Fighting racism: This is the biggest mistake people make

Voices of color are necessary for understanding racism, but it should be on their terms.

ROBIN DIANGELO: Sometimes in our enthusiasm, those of us who are white when we first learn about this, we want to rush over to people of color and have them teach us about racism. And we definitely do not want to go ahead and do that for a couple of reasons. First of all, there are plenty of people of color who have provided that information and are happy to give it and generally be paid to do so. They write books, they give talks, they have videos. But just to go up to anybody and ask that is a fairly invasive and threatening question. You're asking them to risk something very vulnerable when there's no mutuality and no trust built. You're asking them to kind of open their chest and share something that's very sensitive and their experience most likely has been that if you don't like what you hear you're going to invalidate it. It's not for people of color to carry that burden. It's for those of us who are white to be talking to each other and to also seek out the information that people of color have volunteered to give us.

I often use the analogy, imagine I'm in the workplace. I have a coworker, it's a man. He's friendly to me and everything, we've never gone to lunch or anything. We say good morning, and one day he just walks up to me and says: "Oh, I heard all about the Me Too movement. Have you ever been sexually harassed at work? Or have you ever been raped?" I'm hoping that you would know that that is an incredibly threatening and vulnerable question to be asked by a man that I don't know that well. That's going to feel really weird to me and I have no idea what the response is going to be.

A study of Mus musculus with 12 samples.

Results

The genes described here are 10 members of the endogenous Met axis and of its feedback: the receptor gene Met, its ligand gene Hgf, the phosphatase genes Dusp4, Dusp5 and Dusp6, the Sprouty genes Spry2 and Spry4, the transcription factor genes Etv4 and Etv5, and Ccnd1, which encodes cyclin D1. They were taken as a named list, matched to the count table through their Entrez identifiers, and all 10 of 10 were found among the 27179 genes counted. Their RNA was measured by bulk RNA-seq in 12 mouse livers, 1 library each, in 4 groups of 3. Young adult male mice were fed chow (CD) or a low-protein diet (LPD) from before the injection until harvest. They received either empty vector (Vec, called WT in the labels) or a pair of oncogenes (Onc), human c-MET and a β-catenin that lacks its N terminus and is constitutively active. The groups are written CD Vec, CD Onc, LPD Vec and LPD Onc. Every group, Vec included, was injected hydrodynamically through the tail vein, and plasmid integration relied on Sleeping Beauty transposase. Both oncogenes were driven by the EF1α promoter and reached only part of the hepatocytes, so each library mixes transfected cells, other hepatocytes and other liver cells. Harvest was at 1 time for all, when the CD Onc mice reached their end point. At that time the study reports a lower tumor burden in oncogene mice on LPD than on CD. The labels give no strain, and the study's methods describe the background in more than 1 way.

My voice cannot be the only voice. There is no way we can understand what we need to understand without the voices of people of color and overwhelmingly those voices, but we have to be really thoughtful about how we get that information and how we engage.

  • Topics of race and racism are often uncomfortable, especially for the people of color being pressured to share sensitive and vulnerable information.
  • While some people of color have chosen to educate others on what racism looks like and how to fight it, not all people of color should be expected to. Writer and consultant Robin DiAngelo argues that the onus is on white people to seek the information being offered, not to try and extract it.
  • As a white person, DiAngelo acknowledges that her voice "cannot be the only voice" and that voices of color are necessary to reach understanding.